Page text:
In the past you would rely on your company pension and Social Security to provide for your retirement plans. You worked for a long time, retired and lived off those two sources of income. Today, pensions have all but disappeared and the thought of relying on Social Security alone (it’s just not that much money) should make you nervous.

The road to a comfortable and secure retirement is to take charge of your savings yourself.  It doesn’t help, of course, that there are so many options, offerings, and fine print that the decisions can be confusing, if not overwhelming. Read on to compare a trio of the most popular retirement savings accounts: the Big Three plans.

A jar full of money to invest in retirement plans.

The 401(k) Plan

The employer-sponsored 401(k) is likely to be the best known to investors, simply because so many are likely to have encountered it at their workplaces. Of the Big Three retirement plans, the 401(k) offers you the opportunity to set aside the most money annually: $18,000 for 2017, plus an additional $6,000 if you are age 50 or over.

Your 401(k) contributions are made with pre-tax dollars: They reduce the amount of your gross income, which saves on taxes in the year you contribute to the 401(k). They grow tax-free within the account, too. Not to mention that many employers are restoring company matches to your contributions. That’s even more cash that will grow for your retirement years. There are a lot of positives to this retirement account.

However, there are some downsides. It’s your account, but the company owns the plan and chooses an administrator to offer different mutual funds within it. So, you have limited choice when it comes to investment options. You also incur management and administrative fees, along with investment fees that are hidden deep within the fine print of the financial statements—and there’s not much you can do about it unless you choose not to participate in the plan.

The Traditional IRA

IRA stands for Individual Retirement Account (or Individual Retirement Agreement). The Traditional IRA is similar to the 401(k} in that contributions are taken off the top of your gross income, reducing  your income tax bill for that year; that your funds grow tax-deferred; and that you pay taxes only when funds are distributed from the account, which must start at a designated age.

An IRA is held entirely by you. Your company doesn’t own it, and your company won’t offer you a match on your investments. Since you own the account, you get to choose where it is held—your local bank, a major brokerage firm like Charles Schwab, or a mutual fund company like Vanguard. Because you choose the firm and the investments, you should be able to see how much the plan is costing you in management fees and fund expense ratios.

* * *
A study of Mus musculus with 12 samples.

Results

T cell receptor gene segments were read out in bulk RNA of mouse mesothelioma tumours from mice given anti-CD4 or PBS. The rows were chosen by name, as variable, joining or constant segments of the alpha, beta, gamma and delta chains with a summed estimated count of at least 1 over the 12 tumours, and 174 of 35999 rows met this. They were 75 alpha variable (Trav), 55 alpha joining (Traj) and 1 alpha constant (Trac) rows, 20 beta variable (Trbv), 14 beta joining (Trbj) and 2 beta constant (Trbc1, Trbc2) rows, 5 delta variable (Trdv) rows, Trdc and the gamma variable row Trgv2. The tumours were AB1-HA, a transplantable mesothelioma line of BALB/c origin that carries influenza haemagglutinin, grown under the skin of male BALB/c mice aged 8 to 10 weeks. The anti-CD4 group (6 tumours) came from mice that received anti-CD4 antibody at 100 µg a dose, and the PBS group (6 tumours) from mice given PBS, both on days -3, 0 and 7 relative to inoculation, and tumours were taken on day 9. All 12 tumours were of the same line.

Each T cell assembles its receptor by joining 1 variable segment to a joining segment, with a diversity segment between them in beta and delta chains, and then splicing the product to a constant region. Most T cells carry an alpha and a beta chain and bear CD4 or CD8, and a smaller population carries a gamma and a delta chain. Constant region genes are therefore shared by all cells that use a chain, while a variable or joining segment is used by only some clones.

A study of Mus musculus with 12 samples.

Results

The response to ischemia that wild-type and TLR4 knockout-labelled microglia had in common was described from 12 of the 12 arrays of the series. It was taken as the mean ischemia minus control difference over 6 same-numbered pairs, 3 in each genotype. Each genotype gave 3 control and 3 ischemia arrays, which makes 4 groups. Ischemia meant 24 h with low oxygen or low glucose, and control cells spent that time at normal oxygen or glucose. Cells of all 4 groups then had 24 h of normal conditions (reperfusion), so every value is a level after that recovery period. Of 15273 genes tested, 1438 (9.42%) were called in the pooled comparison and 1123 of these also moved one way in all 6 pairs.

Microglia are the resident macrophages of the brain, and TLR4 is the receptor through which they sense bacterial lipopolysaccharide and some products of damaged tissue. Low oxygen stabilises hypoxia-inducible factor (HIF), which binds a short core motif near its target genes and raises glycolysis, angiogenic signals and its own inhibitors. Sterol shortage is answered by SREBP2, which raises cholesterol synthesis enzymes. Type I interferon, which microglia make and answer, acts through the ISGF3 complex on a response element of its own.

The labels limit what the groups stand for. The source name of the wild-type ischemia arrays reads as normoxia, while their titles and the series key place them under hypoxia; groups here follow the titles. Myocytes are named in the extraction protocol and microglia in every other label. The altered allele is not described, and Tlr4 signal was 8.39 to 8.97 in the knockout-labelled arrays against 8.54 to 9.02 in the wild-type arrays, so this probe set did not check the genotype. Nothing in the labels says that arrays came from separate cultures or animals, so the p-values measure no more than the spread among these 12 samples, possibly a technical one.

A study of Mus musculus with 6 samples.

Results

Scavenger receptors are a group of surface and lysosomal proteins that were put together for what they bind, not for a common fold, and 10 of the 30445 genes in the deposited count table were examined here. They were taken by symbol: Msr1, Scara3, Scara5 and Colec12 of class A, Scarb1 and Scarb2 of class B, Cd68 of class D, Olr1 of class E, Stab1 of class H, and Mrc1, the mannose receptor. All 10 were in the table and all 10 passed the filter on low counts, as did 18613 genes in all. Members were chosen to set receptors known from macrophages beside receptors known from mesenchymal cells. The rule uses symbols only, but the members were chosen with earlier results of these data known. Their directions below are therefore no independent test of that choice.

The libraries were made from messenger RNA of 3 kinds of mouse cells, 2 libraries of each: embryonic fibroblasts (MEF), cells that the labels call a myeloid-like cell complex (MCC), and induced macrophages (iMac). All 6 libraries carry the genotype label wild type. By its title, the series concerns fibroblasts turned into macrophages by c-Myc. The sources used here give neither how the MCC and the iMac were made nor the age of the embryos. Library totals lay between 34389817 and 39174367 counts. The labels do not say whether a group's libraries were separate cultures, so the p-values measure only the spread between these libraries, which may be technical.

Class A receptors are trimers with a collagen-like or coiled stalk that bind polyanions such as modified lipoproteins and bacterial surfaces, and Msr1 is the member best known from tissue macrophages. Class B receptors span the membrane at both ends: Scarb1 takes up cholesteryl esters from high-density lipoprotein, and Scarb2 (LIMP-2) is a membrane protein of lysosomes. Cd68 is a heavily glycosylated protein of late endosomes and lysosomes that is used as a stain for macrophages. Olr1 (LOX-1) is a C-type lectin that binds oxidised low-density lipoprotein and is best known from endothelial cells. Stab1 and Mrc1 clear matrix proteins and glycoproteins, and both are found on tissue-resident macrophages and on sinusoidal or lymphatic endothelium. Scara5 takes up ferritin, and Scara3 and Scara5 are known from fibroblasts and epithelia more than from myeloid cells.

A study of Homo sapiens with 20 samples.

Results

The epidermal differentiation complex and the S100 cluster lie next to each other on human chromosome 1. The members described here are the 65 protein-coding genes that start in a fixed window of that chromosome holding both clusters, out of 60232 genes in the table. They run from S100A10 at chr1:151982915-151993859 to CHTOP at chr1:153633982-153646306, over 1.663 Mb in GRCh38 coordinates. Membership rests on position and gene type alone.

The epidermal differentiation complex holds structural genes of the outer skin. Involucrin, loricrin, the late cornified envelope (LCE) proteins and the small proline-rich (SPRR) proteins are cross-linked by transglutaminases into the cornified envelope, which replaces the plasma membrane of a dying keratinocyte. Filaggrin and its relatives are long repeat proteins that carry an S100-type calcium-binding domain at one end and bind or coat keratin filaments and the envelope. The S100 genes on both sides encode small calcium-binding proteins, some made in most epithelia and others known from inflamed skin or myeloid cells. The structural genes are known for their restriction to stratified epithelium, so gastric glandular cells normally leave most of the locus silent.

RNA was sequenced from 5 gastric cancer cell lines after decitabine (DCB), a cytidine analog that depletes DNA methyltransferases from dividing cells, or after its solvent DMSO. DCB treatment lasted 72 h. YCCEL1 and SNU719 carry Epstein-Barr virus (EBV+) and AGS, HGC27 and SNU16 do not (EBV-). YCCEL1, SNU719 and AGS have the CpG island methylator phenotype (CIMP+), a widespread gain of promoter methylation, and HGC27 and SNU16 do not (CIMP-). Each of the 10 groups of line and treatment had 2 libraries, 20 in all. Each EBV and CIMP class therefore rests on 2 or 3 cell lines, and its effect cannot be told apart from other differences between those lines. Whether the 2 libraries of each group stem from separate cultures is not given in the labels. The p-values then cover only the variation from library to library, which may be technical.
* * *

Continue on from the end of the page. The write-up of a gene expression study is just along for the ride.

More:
You can only invest $5,500 in a Traditional IRA in 2017; add $1,000 to that if you’re age 50 or over. There are also income limitations that can restrict how much you can invest and receive the full tax deduction. (If your income exceeds the threshold, you can still contribute, but your contribution may be partially or completely taxable).

The Roth IRA

Roth IRAs are the newest kids on the retirement-plans block. They are similar to Traditional IRAs in that you own the account, you choose the investments and you should be able to see the costs that are involved. There are income limitations to consider, as well.

However, the major difference is that your Roth IRA does not provide a tax deduction the year you make your contribution—you are investing after-tax funds. That means that while Traditional IRA or 401(k) funds will be taxed when they are withdrawn, Roth IRA distributions will not be—because you paid the income tax on them when you invested them.

At Least You’re Saving

How do you decide which of the Big Three retirement plans works best for you?

  • If you anticipate your income tax rate being higher in the future then paying taxes today, as you do with the Roth IRA.lets you avoid paying higher taxes in retirement. (Also, Roth IRAs have no required minimum distributions (RMDs) at age 70½ so you don’t have to take money out of the account unless you want to.)
  • If you anticipate your income tax rate dropping in retirement then paying tax today wouldn’t be as attractive as waiting until retirement to do so—as you would with the Traditional IRA and the 401(k). (Be aware that you will owe RMDs at age 70½, and they will increase your taxable income for that year.)

Regardless, one thing remains true: Investing for retirement in any of these three accounts is a step in the right direction.